Stewarts & Lloyds Limited commissioned two new tugs from Yarwoods at Northwich, Cheshire who in 1934 built the hulls for tugs Number Four and Number Five. The cabin of Number Five was put on by Harris boat builders at Bumblehole, Netherton, Worcestershire soon after; it’s probable that Number Four’s cabin was completed at the same time. While under Stewarts & Lloyds ownership it is believed that the tugs were known only as Tug Number Four and Tug Number Five.
The two tugs were used to tow coal boats, known as ‘joeys’. A tug would pull four loaded joeys, each containing 40 tonnes of coal from the coalfields of Cannock, two of the joeys would be dropped off at Stewarts & Lloyds in Bilston, Staffs and the remaining loads of coal would be hauled on to the Halesowen works.
In June 1958 Tug Number Five was purchased by British Waterways and it was given the asset number 80384. The present engine, a 3 cylinder Lister HA with a Blackstone gearbox (dated January 1959) was probably installed in the boat by British Waterways during the late 1960’s. From the mid 1970’s until 1985 it was kept on behalf of British Waterways by Charlie Atkins Junior; the son of ‘Chocolate Charlie Atkins’. Charlie Junior lived at the top of Farmers Bridge Locks in Birmingham, Warwickshire. He used the tug for maintenance jobs and moving boats. It was during this time the tug was named ‘Bittell’. Tug Number Four came to be named ‘Pacific’.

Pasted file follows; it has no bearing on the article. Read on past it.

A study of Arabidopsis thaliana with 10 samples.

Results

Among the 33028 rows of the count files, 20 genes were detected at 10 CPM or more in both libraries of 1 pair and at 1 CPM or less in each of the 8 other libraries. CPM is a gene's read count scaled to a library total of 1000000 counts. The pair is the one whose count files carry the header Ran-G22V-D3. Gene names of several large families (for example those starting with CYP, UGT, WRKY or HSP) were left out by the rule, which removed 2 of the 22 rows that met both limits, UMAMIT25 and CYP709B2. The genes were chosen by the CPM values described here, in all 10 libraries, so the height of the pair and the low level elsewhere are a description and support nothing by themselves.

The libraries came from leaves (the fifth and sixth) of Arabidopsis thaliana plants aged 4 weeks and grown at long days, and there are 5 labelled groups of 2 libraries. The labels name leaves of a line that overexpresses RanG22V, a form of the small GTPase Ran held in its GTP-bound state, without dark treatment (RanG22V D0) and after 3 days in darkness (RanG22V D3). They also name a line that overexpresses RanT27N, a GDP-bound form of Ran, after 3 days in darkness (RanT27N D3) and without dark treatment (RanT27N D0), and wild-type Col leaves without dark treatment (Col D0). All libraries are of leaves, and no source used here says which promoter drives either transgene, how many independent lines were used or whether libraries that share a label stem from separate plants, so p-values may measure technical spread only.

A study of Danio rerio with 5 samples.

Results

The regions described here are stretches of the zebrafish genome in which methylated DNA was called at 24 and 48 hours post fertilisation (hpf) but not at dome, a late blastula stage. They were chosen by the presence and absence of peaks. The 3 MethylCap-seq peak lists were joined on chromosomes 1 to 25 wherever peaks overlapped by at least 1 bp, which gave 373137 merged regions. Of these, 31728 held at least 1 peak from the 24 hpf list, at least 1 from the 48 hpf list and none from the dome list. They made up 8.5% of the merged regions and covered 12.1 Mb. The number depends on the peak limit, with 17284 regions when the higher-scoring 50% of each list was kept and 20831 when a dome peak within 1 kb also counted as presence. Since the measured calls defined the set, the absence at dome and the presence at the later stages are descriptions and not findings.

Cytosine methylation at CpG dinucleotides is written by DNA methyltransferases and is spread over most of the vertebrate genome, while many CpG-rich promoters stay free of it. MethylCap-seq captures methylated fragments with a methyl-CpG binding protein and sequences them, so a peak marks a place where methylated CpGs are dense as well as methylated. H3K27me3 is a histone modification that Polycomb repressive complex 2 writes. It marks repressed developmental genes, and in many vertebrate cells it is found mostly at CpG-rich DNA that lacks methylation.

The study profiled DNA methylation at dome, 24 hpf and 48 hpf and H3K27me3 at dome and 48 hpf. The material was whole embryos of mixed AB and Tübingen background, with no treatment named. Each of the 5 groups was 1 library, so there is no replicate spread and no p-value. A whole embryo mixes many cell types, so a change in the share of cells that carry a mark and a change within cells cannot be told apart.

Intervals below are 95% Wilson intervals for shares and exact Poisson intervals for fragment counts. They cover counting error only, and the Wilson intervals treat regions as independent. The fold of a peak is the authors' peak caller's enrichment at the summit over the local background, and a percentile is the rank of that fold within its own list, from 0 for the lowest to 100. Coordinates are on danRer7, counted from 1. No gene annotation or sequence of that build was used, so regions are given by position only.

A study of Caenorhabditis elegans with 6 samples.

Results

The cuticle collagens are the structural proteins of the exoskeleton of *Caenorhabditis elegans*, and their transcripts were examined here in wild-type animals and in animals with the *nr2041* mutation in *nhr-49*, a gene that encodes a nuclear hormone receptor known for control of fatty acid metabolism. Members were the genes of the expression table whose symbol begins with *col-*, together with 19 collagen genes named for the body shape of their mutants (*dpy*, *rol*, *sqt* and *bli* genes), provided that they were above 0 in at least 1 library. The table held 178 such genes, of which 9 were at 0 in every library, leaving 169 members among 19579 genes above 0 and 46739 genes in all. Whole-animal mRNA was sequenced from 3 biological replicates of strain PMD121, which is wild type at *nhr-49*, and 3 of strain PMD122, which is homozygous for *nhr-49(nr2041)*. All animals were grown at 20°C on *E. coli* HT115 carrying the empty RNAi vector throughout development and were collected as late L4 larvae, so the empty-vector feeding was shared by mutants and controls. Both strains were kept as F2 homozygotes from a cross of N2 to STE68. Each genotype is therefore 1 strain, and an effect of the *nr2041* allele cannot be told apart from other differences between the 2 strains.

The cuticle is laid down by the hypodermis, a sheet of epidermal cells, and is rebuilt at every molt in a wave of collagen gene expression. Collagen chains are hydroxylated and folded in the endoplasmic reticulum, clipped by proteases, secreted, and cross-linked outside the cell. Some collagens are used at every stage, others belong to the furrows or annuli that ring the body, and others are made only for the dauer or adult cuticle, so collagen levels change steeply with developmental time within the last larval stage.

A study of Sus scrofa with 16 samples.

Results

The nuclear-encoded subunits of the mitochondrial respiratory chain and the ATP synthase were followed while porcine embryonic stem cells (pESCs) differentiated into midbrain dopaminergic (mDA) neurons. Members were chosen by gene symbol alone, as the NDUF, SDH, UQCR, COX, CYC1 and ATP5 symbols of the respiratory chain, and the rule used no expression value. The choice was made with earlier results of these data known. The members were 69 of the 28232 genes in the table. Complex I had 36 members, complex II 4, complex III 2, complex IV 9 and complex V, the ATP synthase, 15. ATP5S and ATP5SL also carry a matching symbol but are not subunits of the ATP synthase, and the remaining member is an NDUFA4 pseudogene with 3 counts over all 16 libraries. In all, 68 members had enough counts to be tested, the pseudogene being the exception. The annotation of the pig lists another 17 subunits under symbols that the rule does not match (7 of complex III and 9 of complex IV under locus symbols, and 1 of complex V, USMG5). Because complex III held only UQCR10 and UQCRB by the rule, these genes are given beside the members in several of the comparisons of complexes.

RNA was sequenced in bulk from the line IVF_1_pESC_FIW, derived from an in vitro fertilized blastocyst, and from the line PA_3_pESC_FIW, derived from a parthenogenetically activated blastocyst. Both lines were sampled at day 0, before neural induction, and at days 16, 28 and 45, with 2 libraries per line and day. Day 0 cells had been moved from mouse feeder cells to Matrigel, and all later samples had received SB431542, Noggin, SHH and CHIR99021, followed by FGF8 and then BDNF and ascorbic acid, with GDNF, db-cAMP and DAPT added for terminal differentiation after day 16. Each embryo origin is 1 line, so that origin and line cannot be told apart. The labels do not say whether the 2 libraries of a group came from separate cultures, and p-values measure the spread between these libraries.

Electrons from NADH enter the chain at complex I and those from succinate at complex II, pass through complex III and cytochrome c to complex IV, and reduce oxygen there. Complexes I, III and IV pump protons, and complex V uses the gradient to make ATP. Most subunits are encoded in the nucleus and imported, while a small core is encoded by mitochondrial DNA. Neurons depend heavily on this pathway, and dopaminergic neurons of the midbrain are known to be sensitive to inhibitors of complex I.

Bittell continued to be run by British Waterways until 1990, when it was acquired by the Dudley Canal Trust. During the following year the Trust improved certain aspects of the boat. The cabin was refitted, the hull was repainted in Stewarts & Lloyds Limited colours and the inside painted. In the winter of 1999 the Trust and British Waterways undertook a restoration of Bittell’s rear counter, which had become very rotten. A few months later the old cabin was also renewed. By 2001 the new cabin was complete and the boat was returned to the water. Early 2005 saw further maintenance when the foredeck woodwork was replaced and Bittell was repainted in a reproduction of Stewarts & Lloyds original livery.